More than 1.2 million annual report cards being sent to Virginia parents about their children's schools this month will say nothing about student safety or teacher qualifications because state officials were not satisfied with the way the information was reported last year.
Some parents and educators complained that the information was inconsistent and vague, so the state Board of Education ordered changes in the reporting system in late spring. That left too little time to collect new data for this fall's report cards, officials said, so they decided to leave off the information until next year.
Virginia is one of 36 states that require annual report cards for each school and one of 13 states that require the information to be sent to the home of each child. Virginia's cards tell parents and students how their school's passing rate on state tests compares with state and school district averages and what percentage of high school students are taking advanced courses.
Last school year, the cards also listed the number of student assaults and incidents of drug and weapons possession at the school. And they reported what percentage of the school's teachers had a valid license in the subject they had been assigned to teach.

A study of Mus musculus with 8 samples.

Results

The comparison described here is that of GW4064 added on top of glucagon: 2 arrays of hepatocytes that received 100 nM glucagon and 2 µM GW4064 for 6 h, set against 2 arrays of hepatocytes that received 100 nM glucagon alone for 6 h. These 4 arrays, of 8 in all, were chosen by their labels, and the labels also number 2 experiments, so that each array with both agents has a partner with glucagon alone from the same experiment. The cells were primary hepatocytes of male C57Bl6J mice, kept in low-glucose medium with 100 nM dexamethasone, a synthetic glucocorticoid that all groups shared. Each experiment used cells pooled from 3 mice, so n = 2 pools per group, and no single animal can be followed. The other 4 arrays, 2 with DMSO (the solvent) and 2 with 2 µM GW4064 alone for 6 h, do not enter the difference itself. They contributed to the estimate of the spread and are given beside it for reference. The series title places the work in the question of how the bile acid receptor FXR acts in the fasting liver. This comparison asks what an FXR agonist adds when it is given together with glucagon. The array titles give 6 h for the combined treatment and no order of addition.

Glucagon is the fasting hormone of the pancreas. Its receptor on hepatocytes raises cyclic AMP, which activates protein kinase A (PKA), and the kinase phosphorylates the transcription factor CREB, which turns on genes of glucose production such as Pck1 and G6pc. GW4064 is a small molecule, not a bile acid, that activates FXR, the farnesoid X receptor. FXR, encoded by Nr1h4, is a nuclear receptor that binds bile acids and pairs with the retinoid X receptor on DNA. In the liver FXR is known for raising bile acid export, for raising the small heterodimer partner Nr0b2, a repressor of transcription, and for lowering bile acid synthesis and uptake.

But some educators complained that the safety information was unreliable because some schools were more aggressive than others in reporting violent incidents. Also, most schools reported that nearly all their teachers had the proper credentials, although some parents said they knew of teachers who were teaching subjects for which they were not trained.
"We want to be more definite in what we are asking for," said Cameron Harris, assistant superintendent for assessment and reporting.
Use of such report cards has increased nationwide, but school officials have struggled to collect information and present it in an understandable way.
"We think people need to have the right indicators, but we are pretty sure we don't have them yet," said Andy Plattner, chairman of the Arlington-based firm A-Plus Communications, which advises schools on report cards and other matters. "If a student shoves another, does that mean the school is unsafe? If the number of students suspended or expelled goes up, does that mean the school is safer or less safe?"
Virginia officials said they were reluctant to delay this year's cards in order to collect more information, because they had promised to send them out this fall.
Last month, the state Department of Education sent a memo to school districts explaining what kinds of threats to student safety should be reported, but several districts complained that the state was asking them to report even the most minor infractions. Department spokeswoman Cynthia A. Cave said the state will send out another memo soon to clarify the guidelines.
Serious assaults will be reported as before, she said, and "information on fighting and bullying, because parents have requested that."
Harris said school officials will be asked to indicate the percentage of instructors who spend a substantial part of the day dealing with subjects not covered by their licenses.